The compromise over political reform agreed upon by the government and the opposition Liberal Democratic Party (LDP) over the weekend, although touted as a great step forward by the Prime Minister's aides, will have done little to dispel the public's cynicism. It did, however, cheer the stock market, with the Nikkei index closing sharply up at 20,229, a 7.8 per cent jump over Friday's close.
But traders said the reason for the market's optimism had nothing to do with the substance of the new laws - it was sheer relief that weeks of political bickering were over, and the government was now free to turn its mind to the economy. Mr Hosokawa was quick to announce that an economic stimulus package - which may be as large as Y15 trillion ( pounds 88bn) - will be announced this week, probably on Thursday.
It is not that the Japanese public do not want their corrupt political system thoroughly cleansed and modernised. Opinion polls repeatedly put support for political reform at more than 70 per cent of the population, and the fact that even some reform measures have been accepted will be welcomed. Nor is there any doubt that Japan is undergoing serious changes in its economic structure and social attitudes. But few voters will have been convinced that the new laws announced on Saturday will radically alter the money politics which has plagued the country for so long.
Mr Hamada's book has only been on sale for two months, but it has already sold 1,230,000 copies - twice as many as A Plan to Remodel Japan, the programme for political change written last summer by Ichiro Ozawa, the main force behind the current government. Ironically Mr Ozawa, formerly one of the main fund-raisers for the LDP, is one of the 'infamous nine' accused of ruining Japan by institutionalising corruption, along with three former prime ministers involved in bribery scandals and other political leaders.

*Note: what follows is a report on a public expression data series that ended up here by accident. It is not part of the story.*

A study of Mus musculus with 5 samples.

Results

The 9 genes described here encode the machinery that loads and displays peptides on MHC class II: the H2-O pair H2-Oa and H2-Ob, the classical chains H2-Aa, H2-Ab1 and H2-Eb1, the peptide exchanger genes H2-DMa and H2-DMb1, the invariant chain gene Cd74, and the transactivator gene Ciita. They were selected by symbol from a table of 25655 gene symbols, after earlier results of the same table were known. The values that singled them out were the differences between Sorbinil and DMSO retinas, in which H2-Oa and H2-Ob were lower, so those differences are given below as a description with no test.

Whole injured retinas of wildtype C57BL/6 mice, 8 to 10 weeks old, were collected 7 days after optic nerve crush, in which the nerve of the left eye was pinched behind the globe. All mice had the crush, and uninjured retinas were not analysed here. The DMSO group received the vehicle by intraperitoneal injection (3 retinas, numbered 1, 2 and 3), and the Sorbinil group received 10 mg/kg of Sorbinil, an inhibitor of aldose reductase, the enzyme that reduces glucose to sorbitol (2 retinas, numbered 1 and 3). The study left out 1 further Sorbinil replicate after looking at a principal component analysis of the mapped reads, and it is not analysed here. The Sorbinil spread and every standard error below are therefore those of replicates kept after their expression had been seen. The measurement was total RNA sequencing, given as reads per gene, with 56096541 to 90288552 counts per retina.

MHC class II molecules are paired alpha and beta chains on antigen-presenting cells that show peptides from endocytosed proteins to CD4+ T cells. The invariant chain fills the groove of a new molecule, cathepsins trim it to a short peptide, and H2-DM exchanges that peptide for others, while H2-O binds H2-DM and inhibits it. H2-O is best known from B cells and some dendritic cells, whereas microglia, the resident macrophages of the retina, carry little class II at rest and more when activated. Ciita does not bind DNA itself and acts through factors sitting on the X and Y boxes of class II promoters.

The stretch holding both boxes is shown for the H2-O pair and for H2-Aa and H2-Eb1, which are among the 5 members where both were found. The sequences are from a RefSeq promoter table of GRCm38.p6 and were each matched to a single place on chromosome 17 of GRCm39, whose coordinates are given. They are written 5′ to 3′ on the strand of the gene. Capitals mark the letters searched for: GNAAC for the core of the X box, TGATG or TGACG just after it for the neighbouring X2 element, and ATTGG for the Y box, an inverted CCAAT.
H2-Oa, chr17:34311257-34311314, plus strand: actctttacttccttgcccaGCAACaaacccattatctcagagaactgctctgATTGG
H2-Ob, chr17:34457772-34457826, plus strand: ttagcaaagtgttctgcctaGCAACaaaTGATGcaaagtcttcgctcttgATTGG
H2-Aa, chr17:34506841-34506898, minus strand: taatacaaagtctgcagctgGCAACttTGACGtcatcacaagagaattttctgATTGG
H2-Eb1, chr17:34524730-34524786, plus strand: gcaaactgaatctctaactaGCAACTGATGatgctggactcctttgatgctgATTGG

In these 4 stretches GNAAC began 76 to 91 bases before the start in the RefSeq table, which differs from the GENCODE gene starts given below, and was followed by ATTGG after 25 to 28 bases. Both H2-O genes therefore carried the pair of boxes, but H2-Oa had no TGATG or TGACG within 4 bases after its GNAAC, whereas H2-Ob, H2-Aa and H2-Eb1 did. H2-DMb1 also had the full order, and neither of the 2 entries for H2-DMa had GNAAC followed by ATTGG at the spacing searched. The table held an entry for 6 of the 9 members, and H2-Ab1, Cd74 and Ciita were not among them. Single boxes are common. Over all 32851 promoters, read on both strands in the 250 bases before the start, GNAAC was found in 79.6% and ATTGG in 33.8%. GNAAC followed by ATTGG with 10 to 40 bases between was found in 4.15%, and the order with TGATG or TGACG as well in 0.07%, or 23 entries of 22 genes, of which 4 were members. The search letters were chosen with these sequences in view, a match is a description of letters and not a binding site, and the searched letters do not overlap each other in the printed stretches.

After the government's political reform package was unexpectedly voted down in the Diet (parliament) the week before, Mr Hosokawa was forced to accept a watered- down set of 'reform laws' drawn up by the LDP to suit their own interests. Otherwise he would have lost his job, since he had vowed to step down if he could not get a reform package passed in the Diet session.
The most blatant difference between the two plans was Mr Hosokawa's proposal to ban all corporate donations to individual politicians, which Mr Hamada pin pointed in his book as one of the main starting points for political corruption and bribery. In Saturday's compromise the LDP forced the Prime Minister to drop this ban, so that the pork-barrelling will continue. The LDP also forced him to accept a less radical reform of the electoral system than had been proposed, so that their regional vote-gathering machines will retain at least some of their effectiveness.
The way the compromise was agreed upon also harked back to the old political custom - four men sitting in a private room making an agreement in secret to suit their own interests on a matter that should have been of vital concern to the entire Diet and the voters who elected them.
Mr Hosokawa, accompanied by Mr Ozawa - both men are former LDP members who defected to form the new government - sat down with Yohei Kono and Yoshiro Mori, the president and secretary-general respectively of the LDP. It was just like the old days of inter-factional squabbling within the LDP governments.
But Mr Hosokawa emerges a weaker leader from the process. The LDP now knows it can bully him to achieve what it wants. Mr Hosokawa's coalition government looks more shaky than ever, with a large faction within the Socialist Party in more or less open revolt.